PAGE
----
Selling liquor: Remember Maine!
In Maine, public officials are all but in a panic over liquor sales. That is, they're terribly worried that their state is not selling enough of the stuff - because New Hampshire is.
The head of Maine's liquor bureau told state officials there on Monday that people who buy liquor in New Hampshire and bring it back to Maine cost the state between $4 million and $11 million a year. Those people include bar owners who buy at least some of their stock in New Hampshire because our liquor prices are significantly lower than Maine's. Many of those imports are illegal, as it is against Maine law to transport within that state more than four quarts of spirits not purchased at a state liquor store.
Liquor in New Hampshire costs between $2 and $7 a bottle less than the same product does in Maine, Gerry Reid, director of the Maine Bureau of Alcoholic Beverages and Lottery Operations, told legislators, according to Maine Today.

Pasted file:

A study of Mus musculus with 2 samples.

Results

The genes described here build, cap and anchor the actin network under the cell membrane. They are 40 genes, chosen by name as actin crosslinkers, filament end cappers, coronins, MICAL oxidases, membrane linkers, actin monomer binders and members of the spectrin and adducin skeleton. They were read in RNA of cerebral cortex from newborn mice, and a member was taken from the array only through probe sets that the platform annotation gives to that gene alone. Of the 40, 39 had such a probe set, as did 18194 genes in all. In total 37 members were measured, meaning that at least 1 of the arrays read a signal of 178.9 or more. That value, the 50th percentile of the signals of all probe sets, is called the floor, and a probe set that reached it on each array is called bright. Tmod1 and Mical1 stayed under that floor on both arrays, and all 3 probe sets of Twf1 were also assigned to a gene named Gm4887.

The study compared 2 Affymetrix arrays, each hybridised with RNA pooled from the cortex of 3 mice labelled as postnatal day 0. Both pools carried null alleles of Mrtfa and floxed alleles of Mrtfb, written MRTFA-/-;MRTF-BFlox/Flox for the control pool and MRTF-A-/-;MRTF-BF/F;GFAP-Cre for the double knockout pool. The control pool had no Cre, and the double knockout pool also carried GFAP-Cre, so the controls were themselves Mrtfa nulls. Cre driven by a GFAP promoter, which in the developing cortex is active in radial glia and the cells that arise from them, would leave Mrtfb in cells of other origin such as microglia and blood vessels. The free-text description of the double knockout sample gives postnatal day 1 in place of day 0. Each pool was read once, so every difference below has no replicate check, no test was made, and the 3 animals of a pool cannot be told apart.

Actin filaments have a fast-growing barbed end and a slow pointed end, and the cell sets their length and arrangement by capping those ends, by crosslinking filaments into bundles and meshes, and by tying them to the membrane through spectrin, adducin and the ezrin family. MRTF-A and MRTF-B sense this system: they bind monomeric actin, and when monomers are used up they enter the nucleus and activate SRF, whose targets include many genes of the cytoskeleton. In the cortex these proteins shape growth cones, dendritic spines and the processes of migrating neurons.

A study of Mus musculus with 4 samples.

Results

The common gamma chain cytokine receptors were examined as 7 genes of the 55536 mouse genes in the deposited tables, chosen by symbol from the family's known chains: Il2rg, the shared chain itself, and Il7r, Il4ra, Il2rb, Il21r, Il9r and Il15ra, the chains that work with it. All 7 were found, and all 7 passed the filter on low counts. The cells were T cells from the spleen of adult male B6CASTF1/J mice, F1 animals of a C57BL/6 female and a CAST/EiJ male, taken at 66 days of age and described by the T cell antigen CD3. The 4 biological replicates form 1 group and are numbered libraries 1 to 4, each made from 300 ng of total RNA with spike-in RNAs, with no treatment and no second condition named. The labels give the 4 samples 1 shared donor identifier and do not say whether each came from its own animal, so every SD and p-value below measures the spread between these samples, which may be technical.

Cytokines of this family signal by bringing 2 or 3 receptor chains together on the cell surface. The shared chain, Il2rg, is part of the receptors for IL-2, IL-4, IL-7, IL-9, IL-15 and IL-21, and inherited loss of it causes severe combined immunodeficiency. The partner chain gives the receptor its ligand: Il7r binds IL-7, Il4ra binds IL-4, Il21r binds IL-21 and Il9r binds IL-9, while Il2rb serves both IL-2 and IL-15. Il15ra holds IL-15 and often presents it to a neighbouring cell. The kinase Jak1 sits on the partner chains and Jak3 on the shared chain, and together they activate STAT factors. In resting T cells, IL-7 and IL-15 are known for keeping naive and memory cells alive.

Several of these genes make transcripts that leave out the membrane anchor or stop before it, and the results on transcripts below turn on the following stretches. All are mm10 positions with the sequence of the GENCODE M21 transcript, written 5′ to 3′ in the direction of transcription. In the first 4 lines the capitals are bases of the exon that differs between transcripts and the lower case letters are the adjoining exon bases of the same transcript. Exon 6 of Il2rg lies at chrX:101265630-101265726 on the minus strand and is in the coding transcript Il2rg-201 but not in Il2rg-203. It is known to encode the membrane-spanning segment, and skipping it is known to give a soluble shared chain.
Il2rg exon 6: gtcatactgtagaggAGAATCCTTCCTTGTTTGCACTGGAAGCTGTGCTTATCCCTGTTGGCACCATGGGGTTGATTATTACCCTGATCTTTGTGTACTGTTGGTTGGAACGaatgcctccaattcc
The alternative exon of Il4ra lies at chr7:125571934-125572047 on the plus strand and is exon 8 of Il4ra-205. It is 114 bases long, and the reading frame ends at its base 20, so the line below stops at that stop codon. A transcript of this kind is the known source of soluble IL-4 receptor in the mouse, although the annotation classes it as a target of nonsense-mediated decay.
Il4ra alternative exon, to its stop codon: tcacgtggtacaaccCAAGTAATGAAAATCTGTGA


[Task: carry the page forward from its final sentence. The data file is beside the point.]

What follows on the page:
'Every single one is higher priced in Maine. There are no exceptions,' the publication quoted him as saying.
That speaks well of New Hampshire's Liquor Commission, which runs a tight ship and has improved its marketing and operations in the past few years.
Maine legislators, hurting for money, are (finally) eager to improve their system to better compete with New Hampshire. That ought to give pause to legislators here who would tinker too vigorously with the way the state handles its liquor sales. We should always look for ways to improve the system to make it more profitable for the state and reasonably more convenient for consumers. But we should take care that changes don't give the competition any advantage to exploit.